Toys R Us launches new safety program, urges parents to trade-in recalled baby products
Over the past decade, more than 57 million cribs, car seats, bassinets, strollers, travel systems, play yards, high chairs and toddler beds have been recalled by the Consumer Product Safety Commission (CPSC) and the National Highway Traffic Safety Administration (NHTSA).
According to consumer advocacy organization Kids In Danger (KID), less than 30% of affected items are typically returned when a baby product is recalled.
"Unsafe products that remain in circulation after they've been recalled present dangerous risks that could be avoided," Jerry Storch, Chairman and CEO, Toys R Us, Inc, said in a statement. "The 'Great Trade-In' event calls attention to this problem while encouraging parents to scour basements and attics for used products and bring them to our stores."
The "Great Trade-In," which begins Friday (Aug. 27) and ends Sunday, Sept. 19, is designed to call attention to the fact certain used baby products may be dangerous, and should be removed from use rather than handed down or resold.
The CPSC warns against purchasing used items with a history of safety problems, including cribs, play yards and bassinets. Used products may also have been recalled, and recent enhancements in federal and voluntary standards and regulations for safety testing may render older models unsafe or out of compliance with current standards.
Some 200,000 used baby products were returned to Toys R Us and Babies R Us stores during the company's two other trade-ins. During the three week trade-in, parents will be able to exchange used cribs, car seats, bassinets, strollers, travel systems, play yards, high chairs and toddler beds in exchange for a 25% savings on the purchase of item in any of these categories from select manufacturers.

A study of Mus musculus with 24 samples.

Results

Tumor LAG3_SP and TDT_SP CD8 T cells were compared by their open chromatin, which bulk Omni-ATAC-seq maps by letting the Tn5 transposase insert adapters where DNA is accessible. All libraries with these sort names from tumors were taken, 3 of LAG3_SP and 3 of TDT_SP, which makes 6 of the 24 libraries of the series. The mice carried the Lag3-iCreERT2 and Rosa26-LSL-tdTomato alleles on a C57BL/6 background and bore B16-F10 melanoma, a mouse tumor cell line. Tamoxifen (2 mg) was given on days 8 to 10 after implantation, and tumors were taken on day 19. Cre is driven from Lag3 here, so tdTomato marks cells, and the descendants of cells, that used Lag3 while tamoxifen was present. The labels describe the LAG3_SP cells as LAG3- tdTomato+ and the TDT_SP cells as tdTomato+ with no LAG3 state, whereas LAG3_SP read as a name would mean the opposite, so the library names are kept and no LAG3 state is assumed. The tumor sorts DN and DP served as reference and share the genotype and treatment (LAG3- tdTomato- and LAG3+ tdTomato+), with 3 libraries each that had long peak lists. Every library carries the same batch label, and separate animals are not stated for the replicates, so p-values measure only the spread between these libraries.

The company's safety program includes "Eight Steps to Keep Kids Safe," a checklist to keep parents informed about product recalls and a "Product Record List" to help them keep track of purchases and gifts. Both lists were designed to make product information readily available in the event of a recall.
"It's crucial that parents have the most current information available about the products in use in their homes, so they can react quickly and appropriately in the event of a recall," Kids in Danger executive director Nancy A. Cowles said in a statement.
Through the "Eight Steps to Keep Kids Safe," parents are encouraged to:
- Register products with the manufacturer so they can be contacted in the event of a recall.
- Track new and past purchases so that they have a quick reference guide of the products in use in their home in the event of a recall.
- Sign up to receive recall notifications from agencies like the CPSC and NHTSA.
- Be mindful of using secondhand products.
- Encourage family members and friends to keep their own record of the juvenile products they use.
- Make sure they know that anyone caring for their children has a process in place for regularly confirming the safety of the children's products they use.
- Report any concerns with the safety of a product to the proper government agency.
- Remove any recalled or unsafe products from use immediately.